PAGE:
No Conficker meltdown as 1 April ‘deadline’ passes

There's been no global computer armageddon, as predicted by security experts, but did the hype cause more harm than good?

Security experts stayed awake around the world to see what the Conficker worm would do on 1 April, but fears of internet armageddon appeared unfounded.

Machines infected with the Conficker virus tried to establish a link with command servers as expected, but so far experts hadn't seen any new instructions from the creators of the worm.


The fact that Conficker was due to change operations and contact new domains on 1 April was the reason why some news outlets had made predictions of "global meltdown", but the large majority of security experts confirmed that nothing major was likely to happen.

Garner analyst John Pescatore said that the intense media attention paid to the 1 April deadline was unwarranted and that a spectacularly damaging event was never likely to occur.

He also made the point that this type of hype could be harmful, and that enterprises needed to be much more concerned with unrecognised threats.

David Harley, director of malware intelligence at ESET, said on his blog: "The very people outside this industry who hyped the issue out of all proportion will now dismiss it as vendor hype, and may suggest that the whole thing is an urban myth.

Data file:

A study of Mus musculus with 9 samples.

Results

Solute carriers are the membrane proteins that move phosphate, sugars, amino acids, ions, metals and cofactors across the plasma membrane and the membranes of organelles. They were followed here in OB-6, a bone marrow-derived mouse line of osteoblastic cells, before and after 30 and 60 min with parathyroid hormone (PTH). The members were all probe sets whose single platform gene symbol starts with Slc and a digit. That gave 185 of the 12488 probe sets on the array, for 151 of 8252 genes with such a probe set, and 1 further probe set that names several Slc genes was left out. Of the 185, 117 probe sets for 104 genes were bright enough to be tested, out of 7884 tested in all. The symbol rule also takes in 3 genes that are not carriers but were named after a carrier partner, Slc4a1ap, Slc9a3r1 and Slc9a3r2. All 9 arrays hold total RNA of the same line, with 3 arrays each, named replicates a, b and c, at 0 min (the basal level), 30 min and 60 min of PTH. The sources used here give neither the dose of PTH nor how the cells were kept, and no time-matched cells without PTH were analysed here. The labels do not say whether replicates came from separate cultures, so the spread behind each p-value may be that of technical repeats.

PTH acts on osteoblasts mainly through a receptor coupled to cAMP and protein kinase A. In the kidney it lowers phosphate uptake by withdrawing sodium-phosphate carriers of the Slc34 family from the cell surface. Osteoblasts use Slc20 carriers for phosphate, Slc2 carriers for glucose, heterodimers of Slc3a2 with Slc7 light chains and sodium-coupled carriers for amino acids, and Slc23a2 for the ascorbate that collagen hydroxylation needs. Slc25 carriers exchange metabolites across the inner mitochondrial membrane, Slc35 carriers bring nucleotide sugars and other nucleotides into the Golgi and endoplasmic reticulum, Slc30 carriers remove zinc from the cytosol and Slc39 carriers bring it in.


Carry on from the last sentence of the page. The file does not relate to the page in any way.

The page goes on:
Other security experts made the point that although they hadn't seen a malicious payload from Conficker, that didn't stop it from activating one in the future.

Rik Ferguson of Trend Micro said that it was a shame that "less scrupulous" parts of the media had created such a frenzy, when valuable time should have been spent educating people how they could clean it up and how they could avoid it going forward.

He said: "It's really important to say that 1 April was just the date when that functionality was switched on.

"It will continue happening every day now. The infected machines are going to do the same thing they've done today, every day."

He said that people still needed to ensure their machines were clean, patched and in enterprise environments enforcing strong passwords, and with auto-run functionality within Windows explicitly disabled.